Golf Thrives Despite Pandemic

Ty Maxwell, 12, practices his putting on the green.

Madison Moyer

Ty Maxwell, 12, practices his putting on the green.

Zach Planche and Landry Parlin

All major sporting events were cancelled in the beginning of quarantine. Golf was one of, if not the first, to come back. Both boys’ and girls’ golf teams have been able to practice with minimal changes. Head Girls Coach Scott Parlin attributes this to the natural flow of the game.

“Players always use their own clubs and balls so there has been little need for sanitation,” Parlin said. “ [They] are always walking to their golf ball so they are automatically social-distanced.”

Though minimal, the alterations have not gone unnoticed. 

“Many [players] like to remove the pins before they putt, as well as pick up the golf ball up and smooth the area if it goes into one of the bunkers,” Parlin said. “But almost everything else has been pretty normal as possible.”

Since the pandemic, golf rounds have been up nearly 20%. Coach Parlin credits the pandemic for bringing popularity back to the sport. 

“Golf was one of the first “things” to return due to COVID,” Parlin said. “It’s an outdoor sport that is always socially distanced, and no equipment is shared. It was also the first professional sport to return when the first professional event was played the week of June 12th in Ft. Worth, TX.”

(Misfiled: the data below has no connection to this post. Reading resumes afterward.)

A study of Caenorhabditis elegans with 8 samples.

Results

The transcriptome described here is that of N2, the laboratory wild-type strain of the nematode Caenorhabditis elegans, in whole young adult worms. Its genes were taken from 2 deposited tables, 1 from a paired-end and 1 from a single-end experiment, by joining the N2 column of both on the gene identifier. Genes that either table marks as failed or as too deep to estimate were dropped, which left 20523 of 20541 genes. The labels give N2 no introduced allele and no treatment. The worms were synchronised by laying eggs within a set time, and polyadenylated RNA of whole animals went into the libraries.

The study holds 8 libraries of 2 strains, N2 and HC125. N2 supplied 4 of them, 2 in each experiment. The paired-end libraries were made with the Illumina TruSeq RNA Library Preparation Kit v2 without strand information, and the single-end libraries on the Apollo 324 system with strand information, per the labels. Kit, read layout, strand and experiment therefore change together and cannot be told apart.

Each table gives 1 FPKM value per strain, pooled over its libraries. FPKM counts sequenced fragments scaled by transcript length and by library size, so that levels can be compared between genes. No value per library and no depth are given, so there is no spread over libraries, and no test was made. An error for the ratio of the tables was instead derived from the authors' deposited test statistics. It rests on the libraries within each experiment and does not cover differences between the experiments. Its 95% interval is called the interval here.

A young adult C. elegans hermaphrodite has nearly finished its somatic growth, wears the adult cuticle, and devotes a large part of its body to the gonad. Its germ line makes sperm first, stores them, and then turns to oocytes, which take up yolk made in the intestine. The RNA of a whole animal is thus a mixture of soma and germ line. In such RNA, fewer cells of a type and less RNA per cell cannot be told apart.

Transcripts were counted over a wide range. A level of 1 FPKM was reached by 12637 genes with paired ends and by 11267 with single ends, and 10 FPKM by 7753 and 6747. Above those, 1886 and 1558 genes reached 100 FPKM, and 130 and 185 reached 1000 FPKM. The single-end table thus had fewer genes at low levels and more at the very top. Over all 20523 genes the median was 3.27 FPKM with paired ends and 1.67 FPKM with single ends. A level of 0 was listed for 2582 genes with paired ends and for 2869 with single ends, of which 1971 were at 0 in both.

Golf is just about the most socially distanced sport there is. Because of this, not much has had to change in practice. Senior Ty Maxwell believes the main adjustment has been with travel. 

“One of the most difficult adjustments we have to do is not not travel because of COVID, so now we can’t travel as far and have to drive to every tournament,” Maxwell said. 

Many of the changes UIL has implemented only affect the team traveling to and during tournaments against other schools. Head Boys Coach Christopher Word says the biggest changes have been made to tournaments.

“We previously traveled to nearly all our events to play specific courses and against the toughest competition;  now we have a limited number of events,” Word said. “We are no longer allowed to travel outside of DFW for events, so our entire schedule has been altered.”

With all considered, as long as the team follows new protocol, the players and coaches will stay safe and finish their season.

“Golf has remained open throughout the entire pandemic and has not been the source of any outbreaks that I’ve seen or read,” Word said. “I’m hoping to complete our season on schedule and without further restrictions.”

The mindset going into the season has not changed. Senior Cooper Waddell is convinced the season will be good.

“Our coach has still managed to put us in the best local events to satisfy the conditions we must play in,” Waddell said. “This will still be a great season without a doubt.”

No decision regarding sports stays permanent, though. Coach Parlin and the staff remain unsure of what to expect going forward.

“None of this really makes it harder, just different,” Parlin said. “[We’re] not sure what our district tournament will do since that is not until April.”